Tricentis is all about discovering the next software innovation that will make testing more effective. This commitment to going beyond what’s expected and figuring out what’s really needed is what drove the company’s foundation, and what continues to set us apart. It’s why we promote what I call “permissionless innovation” across the entire company. What does that mean? If you have an idea that you want to experiment with, you do not need to seek any special permission to pursue it. Just do it. Try it. If you try, you will learn. If you learn, you will grow. And if you grow, our company will grow — and that will help our customers succeed. If you make a mistake, it’s not a big deal as long as you learn from it. The only failed experiment is the one you don’t learn from.
To foster this culture of innovation in a fun, collaborative setting, Tricentis hosts a “Great Ideas Gathering” (GIG) several times a year, and it has been attracting greater (and broader) participation ever since it was introduced in 2012. GIG is like a hackathon, but it’s not restricted to engineering. Employees across all departments are encouraged to take a break from their normal work, self-organize, and come up with the next big idea. Entries are judged based on creativity, business potential, execution, and presentation. After each GIG concludes, we don’t just high-five each other and move on. The product team analyzes each and every entry to see what challenges teams decided to address, then they decide which of the proposed solutions should be productized. The Tricentis Automation Recording Assistant, distributed execution, and neuro-optical visual automation are just a few examples of product capabilities that were conceived during a GIG.
As with most hackathons, GIGs usually involve all-nighters driven by teams gathering around pizza, Red Bull, and beer — followed by an awards ceremony with a little more pizza and a lot more beer. But this year was a little different. In an odd twist of fate, no physical gathering was allowed worldwide at that time we had planned to have this Great Ideas Gathering. However, we didn’t want to delay it. GIG is one of the most anticipated Tricentis events, and our employees have been successfully navigating the nuances of remote/distributed work for years. So, we quickly shifted gears to order-your-own pizza, discovered some cool online whiteboarding/drawing tools, and even fired up a Zoom beer channel for some friendly cross-team bonding. The #gig Slack channel was buzzing with geeky and even philosophical topics — about the calculus of optimizing pizza costs, the transitive properties of pizza proving it was equivalent to pasta carbonara, sophism of such arguments, and so on.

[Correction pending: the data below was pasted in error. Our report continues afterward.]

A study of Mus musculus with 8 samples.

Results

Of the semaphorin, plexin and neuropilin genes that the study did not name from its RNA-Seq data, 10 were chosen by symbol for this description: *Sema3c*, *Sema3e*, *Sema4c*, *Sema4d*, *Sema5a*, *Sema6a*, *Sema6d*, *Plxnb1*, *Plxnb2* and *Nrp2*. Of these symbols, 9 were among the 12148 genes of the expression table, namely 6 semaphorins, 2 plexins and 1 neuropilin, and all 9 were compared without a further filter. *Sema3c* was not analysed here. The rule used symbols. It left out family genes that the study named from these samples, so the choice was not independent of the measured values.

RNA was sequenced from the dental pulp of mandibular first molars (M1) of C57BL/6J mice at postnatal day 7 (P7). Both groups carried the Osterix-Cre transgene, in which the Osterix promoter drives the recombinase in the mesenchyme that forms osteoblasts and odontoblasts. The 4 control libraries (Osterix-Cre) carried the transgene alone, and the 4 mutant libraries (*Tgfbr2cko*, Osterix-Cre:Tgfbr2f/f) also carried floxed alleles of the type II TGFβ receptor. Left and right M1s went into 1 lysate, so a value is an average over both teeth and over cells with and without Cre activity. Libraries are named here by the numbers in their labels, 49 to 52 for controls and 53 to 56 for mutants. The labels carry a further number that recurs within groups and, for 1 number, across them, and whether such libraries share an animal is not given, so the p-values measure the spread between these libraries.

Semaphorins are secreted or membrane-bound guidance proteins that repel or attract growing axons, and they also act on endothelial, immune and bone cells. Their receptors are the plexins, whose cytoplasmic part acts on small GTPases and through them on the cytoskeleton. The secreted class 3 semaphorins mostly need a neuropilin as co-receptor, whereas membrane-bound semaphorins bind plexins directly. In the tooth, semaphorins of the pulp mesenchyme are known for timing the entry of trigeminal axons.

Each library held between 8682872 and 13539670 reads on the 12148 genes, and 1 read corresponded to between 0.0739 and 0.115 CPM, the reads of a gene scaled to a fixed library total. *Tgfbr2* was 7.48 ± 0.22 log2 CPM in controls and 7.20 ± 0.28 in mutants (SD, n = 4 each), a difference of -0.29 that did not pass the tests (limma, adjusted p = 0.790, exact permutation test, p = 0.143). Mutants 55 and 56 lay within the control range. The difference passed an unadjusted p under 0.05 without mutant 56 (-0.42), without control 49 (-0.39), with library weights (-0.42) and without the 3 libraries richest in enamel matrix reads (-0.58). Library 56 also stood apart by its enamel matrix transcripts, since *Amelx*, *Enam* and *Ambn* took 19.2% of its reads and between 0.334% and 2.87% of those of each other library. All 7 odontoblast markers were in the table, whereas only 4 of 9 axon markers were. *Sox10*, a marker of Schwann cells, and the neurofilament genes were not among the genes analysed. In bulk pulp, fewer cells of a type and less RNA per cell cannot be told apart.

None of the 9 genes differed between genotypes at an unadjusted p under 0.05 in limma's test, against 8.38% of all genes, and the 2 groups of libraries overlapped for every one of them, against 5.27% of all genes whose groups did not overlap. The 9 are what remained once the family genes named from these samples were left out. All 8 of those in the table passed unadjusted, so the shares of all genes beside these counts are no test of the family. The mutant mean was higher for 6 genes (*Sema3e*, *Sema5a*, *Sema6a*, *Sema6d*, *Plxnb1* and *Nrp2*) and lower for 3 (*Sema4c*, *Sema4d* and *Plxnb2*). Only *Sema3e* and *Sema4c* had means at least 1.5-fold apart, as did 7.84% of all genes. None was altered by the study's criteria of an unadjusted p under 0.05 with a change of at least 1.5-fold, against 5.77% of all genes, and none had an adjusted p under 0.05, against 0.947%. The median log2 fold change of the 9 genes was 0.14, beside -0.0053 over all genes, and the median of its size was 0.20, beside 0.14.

The rules were simple this year: Spend three days working on a team of two to four (no solo entries allowed), and capture the result in a pitch video that’s 10 minutes or less. We ended up with 175 participants from around the globe submitting 54 entries. A total of six committees reviewed and scored all the video pitches, and the top 12 made it to the final round of judging.
This was the first Tricentis GIG that I’ve experienced, and I have to say: The level of enthusiasm and the quality of ideas was simply amazing. With so many intelligent, imaginative, and ingenious people in the company, anything should be possible!
I want to close by calling out some of the award-winning ideas. The competition was fierce, but these are the (somewhat generalized/abstracted) ideas that led the pack:
- A recommendation engine that helps users/organizations maximize the power of our products
- An integration for highly-scalable testing within a CI/CD pipeline
- A tool that predicts the risk level in a release and helps you get high-risk releases back on track
- A business-focused approach to testing complex enterprise tech landscapes
- A developer- and QA-friendly approach to testing microservices in containerized environments
This GIG might be over, but the permissionless, rapid innovation continues. It’s in our DNA, and it’s fundamental to the success of our customers, our partners, our company, and the software testing profession.